Advocacy E-News November 30, 2015
November 30, 2015
ASSAULTS ON ANCORA EMPLOYEES DECLINING
A Courier-Post analysis of public records shows such assaults are declining following a state investigation. In May 2013, as injuries climbed, an employee filed a complaint with the state Department of Labor about the hospital’s dangerous workplace conditions. The state hospital was cited for its inability to appropriately respond and manage violent disturbances and for its failure to conduct annual reviews of its violence prevention plan. After Ancora organized a violence prevention committee and began conducting monthly reviews, records show the incidents of employees injured in patient attacks dropped from 141 incidents in 2013 to 63 in the first 10 months of 2015.
N.J. WOULD BENEFIT FROM EXPANDED MENTAL HEALTH AND ADDICTIONS PROGRAMS
Last year, Congress passed the Excellence in Mental Health Act, a law co-sponsored by New Jersey Congressman Leonard Lance (R-7th). The Act improves Medicaid reimbursement for services, which means a sturdier financial base for provider organizations that will allow them to expand and improve services. The need is acute, in New Jersey and across the nation. Each year only four in 10 Americans with a mental health disorder receives treatment. Only one in 10 with an addiction gets help.
HOW TO HELP SAVE THOSE WITH A MENTAL ILLNESS FROM THEMSELVES
Matthew was not violent at all, and largely kept to himself. His appearance could be off-putting — he kept a long beard, did not cut his hair and smoked heavily. We constantly feared that a police officer might misunderstand his condition and that he could end up injured or killed. I cannot say with certainty that if we had been able to force treatment on Matthewthat he would have survived. But I do know that for many, treatment saves lives.
NFL PLAYERS TALK OPENLY TO HELP DESTIGMATIZE MENTAL ILLNESS
Arian Foster was in a bad place, drinking heavily to self-medicate and deal with the problems in his life. The Houston Texans running back knew he needed help but was reluctant to seek it because of the stigma surrounding mental health issues. He overcame that fear, sought therapy and it changed his life. Foster has joined the Jets’ Brandon Marshall’s PROJECT 375, a nonprofit organization dedicated to eradicating the stigma surrounding mental illnesses and disorders.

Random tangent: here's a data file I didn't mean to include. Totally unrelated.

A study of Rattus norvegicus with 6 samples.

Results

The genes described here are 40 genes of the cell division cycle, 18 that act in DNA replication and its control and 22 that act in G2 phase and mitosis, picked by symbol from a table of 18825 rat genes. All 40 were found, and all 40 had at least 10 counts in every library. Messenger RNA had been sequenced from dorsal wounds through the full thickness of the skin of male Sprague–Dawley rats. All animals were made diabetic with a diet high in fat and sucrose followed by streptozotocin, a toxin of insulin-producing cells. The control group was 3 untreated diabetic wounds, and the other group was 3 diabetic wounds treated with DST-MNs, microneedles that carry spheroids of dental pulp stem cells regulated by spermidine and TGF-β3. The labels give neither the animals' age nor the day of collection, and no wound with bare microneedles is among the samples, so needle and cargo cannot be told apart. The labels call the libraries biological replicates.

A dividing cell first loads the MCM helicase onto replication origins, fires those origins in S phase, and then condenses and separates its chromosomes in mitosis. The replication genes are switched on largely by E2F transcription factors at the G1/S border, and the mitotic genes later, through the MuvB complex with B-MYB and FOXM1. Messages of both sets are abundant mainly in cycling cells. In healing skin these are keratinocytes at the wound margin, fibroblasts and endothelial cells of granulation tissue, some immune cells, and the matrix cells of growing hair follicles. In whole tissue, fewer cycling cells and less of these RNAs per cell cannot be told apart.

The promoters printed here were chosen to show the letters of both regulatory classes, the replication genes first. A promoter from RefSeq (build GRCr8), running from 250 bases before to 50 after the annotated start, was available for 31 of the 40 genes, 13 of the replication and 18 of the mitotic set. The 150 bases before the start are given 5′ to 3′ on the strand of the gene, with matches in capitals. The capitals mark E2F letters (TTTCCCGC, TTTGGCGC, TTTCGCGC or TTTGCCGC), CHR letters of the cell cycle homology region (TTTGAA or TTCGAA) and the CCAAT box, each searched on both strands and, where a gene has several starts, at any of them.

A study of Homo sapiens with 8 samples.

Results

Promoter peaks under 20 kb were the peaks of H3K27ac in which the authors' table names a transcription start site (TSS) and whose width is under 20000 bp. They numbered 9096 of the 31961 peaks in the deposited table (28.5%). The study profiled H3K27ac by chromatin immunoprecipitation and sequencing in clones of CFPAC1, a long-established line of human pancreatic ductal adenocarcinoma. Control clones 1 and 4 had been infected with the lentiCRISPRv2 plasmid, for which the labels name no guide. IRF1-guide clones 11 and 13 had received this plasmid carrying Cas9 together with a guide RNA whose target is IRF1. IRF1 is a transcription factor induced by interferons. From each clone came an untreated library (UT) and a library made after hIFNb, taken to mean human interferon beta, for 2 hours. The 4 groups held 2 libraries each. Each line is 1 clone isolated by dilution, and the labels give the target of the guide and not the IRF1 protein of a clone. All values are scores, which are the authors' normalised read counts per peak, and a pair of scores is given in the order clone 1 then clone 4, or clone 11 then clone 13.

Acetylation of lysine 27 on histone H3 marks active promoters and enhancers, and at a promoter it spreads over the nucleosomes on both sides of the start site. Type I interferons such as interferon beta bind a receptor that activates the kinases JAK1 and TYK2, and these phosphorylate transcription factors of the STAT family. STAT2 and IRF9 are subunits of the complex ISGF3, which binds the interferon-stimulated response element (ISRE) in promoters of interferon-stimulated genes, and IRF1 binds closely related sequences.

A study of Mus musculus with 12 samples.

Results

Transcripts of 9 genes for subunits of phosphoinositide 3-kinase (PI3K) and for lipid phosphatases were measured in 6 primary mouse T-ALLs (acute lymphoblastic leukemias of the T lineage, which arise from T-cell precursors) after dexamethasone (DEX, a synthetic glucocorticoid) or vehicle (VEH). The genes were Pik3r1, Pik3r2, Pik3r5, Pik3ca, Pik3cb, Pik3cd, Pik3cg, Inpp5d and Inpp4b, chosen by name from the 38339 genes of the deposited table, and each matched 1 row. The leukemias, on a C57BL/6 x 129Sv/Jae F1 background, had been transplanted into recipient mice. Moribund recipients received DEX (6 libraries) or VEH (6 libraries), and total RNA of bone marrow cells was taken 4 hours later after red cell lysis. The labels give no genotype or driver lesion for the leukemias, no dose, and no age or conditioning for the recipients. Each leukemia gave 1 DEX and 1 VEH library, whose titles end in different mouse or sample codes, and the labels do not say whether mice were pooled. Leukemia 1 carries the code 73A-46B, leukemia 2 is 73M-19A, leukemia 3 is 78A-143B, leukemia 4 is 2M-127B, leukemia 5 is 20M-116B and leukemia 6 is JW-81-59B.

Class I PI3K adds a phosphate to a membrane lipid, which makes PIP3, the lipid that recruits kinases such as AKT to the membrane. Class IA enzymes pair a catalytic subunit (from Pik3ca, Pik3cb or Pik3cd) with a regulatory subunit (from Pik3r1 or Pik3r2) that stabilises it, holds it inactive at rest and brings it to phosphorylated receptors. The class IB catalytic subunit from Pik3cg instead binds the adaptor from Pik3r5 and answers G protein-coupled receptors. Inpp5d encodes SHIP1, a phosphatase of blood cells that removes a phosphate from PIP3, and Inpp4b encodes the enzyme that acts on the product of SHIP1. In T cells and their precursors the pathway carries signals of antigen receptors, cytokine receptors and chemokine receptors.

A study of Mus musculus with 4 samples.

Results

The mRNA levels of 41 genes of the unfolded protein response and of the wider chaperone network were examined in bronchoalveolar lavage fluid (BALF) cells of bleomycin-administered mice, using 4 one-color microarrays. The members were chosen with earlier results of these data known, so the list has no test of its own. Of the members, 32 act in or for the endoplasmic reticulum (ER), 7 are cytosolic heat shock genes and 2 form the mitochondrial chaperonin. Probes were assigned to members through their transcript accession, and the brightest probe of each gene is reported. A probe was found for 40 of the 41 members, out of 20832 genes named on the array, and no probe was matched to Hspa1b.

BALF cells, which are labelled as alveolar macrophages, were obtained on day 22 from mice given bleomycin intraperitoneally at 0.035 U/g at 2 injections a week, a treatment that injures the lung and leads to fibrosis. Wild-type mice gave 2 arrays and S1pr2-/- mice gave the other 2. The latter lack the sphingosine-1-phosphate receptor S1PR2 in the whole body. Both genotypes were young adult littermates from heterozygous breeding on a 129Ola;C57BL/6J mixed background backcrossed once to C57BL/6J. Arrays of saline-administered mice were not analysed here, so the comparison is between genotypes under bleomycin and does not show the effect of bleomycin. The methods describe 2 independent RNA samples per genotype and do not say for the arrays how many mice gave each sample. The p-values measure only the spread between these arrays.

JOEL ELKES, WHO CAST LIGHT ON BRAIN CHEMISTRY AND BEHAVIOR, DIES AT 101
Dr. Joel Elkes, who published the first scientific trial of a medication for schizophrenia and became a foundational figure in modern psychiatry, describing a framework to understand how brain chemistry shapes behavior, died on Oct. 30 in Sarasota, Fla. He was 101. As a young researcher in England a pair of French doctors reported that a new antihistamine, called chlorpromazine, had a remarkably calming effect on people with schizophrenia. He and his wife tested the drug in people with schizophrenia. Chlorpromazine, known more widely by the trade name Thorazine, became the first-line treatment for psychotic symptoms, helping to end the practice of lobotomy.
SHOOTING CALLED A SUICIDE-BY-COP INCIDENT
A reportedly suicidal man came at police officers with a knife moments before they shot and killed him in Little Egg Harbor Township. A concerned family member called the department asking officers to check on the man because he was trying to harm himself. Officers arrived at the scene, but no one appeared to be home. They got inside and identified themselves when they found the man reportedly brandishing a knife. The Prosecutors Press release states that the officers told him to drop the knife, but he started moving toward them. Multiple officers fired their service weapons at the man taking him down. The report did not specify how many officer fired shots. The Ocean County Prosecutor’s Office, which was called to investigate the officer-involved incident, found Hartnett suffered from depression and had attempted suicide several times before.